By Kris Kindelsperger
The recent announcement of a $23.7 million gift by Lilly Endowment to Ivy Tech Community College in Indianapolis for the purchase of a building which will be renovated into new facilities to house Workforce Development operations bucks the trend of what would seem to be a declining interest among funders in investing in facilities.
Recent experience with comprehensive capital campaigns with three of our clients revealed that funding for new programs and endowment proved far more attractive to donor prospects than did science buildings, student unions and performing arts buildings.
It wasn’t that many years ago that many fundraising professionals touted the adage that building money was easy to raise, but endowment funding was much more difficult.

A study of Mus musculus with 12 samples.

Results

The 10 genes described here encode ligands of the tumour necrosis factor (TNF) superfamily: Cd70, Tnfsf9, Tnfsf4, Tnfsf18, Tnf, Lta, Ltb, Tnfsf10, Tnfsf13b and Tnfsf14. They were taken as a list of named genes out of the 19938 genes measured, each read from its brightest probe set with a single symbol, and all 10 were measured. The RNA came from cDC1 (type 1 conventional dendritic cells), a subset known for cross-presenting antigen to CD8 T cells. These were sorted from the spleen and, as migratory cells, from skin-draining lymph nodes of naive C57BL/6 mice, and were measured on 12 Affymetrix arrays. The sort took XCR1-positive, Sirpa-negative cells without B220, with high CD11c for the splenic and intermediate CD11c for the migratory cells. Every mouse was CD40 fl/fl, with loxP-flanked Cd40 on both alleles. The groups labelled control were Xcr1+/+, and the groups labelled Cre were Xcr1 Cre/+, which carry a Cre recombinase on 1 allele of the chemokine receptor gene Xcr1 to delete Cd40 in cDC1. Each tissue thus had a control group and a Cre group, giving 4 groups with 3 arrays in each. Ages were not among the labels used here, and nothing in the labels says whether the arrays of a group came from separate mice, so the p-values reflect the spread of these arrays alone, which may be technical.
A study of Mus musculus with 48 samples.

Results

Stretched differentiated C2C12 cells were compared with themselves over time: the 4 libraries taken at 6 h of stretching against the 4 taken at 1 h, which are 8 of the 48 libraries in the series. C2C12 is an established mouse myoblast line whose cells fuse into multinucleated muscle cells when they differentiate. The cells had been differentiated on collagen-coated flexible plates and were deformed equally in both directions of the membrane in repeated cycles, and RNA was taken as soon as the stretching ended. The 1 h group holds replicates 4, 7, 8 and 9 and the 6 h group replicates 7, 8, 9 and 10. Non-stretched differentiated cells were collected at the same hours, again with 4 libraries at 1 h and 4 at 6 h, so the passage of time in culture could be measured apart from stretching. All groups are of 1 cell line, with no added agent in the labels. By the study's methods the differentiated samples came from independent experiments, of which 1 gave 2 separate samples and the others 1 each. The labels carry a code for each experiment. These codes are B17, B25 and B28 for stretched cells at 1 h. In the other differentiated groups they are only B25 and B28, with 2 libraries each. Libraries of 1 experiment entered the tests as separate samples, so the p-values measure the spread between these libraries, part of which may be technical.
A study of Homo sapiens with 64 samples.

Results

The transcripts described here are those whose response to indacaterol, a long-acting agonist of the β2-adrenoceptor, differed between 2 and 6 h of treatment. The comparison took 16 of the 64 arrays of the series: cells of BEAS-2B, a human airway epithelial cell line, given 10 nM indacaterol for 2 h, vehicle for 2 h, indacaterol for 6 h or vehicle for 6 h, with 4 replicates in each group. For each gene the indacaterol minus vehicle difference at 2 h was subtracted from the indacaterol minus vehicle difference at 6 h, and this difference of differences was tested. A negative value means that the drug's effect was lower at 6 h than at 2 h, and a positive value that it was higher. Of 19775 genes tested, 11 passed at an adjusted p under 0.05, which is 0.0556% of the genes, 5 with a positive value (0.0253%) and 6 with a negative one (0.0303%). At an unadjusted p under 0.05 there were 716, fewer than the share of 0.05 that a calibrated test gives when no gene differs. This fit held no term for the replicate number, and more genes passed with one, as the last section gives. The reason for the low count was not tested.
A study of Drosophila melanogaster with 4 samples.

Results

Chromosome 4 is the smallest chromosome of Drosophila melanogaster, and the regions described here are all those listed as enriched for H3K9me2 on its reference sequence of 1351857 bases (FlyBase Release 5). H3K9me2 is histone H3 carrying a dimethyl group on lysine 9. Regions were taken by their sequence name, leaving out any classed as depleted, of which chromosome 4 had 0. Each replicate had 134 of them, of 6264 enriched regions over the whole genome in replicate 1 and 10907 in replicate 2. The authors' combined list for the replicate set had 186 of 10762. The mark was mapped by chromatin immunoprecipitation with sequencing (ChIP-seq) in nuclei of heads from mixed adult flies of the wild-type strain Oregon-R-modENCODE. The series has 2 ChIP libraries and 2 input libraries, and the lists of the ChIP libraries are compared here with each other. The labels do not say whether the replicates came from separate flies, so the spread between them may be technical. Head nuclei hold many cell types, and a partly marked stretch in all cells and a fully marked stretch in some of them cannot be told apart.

The 2008 CASE Campaign Report provides statistical results that showed a 27 percent decline in donor interest to fund facilities and a 19 percent increase in their desire to fund programs and endowment from 2006 to 2008.
What’s behind these trends?
Clearly sophisticated donors are gaining an appreciation for the importance and value of endowments. And, funding to support the introduction of new programs that deal directly with emerging issues and challenges can certainly peak donor interest.
But, it’s less clear why donor interest appears to be leaning away from facilities. The anecdotal evidence is there, the study evidence is there, but evidence of why this is happening is less clear.
What’s been your experience with funding major facilities? What works? What’s not working as well today and what trends do you see?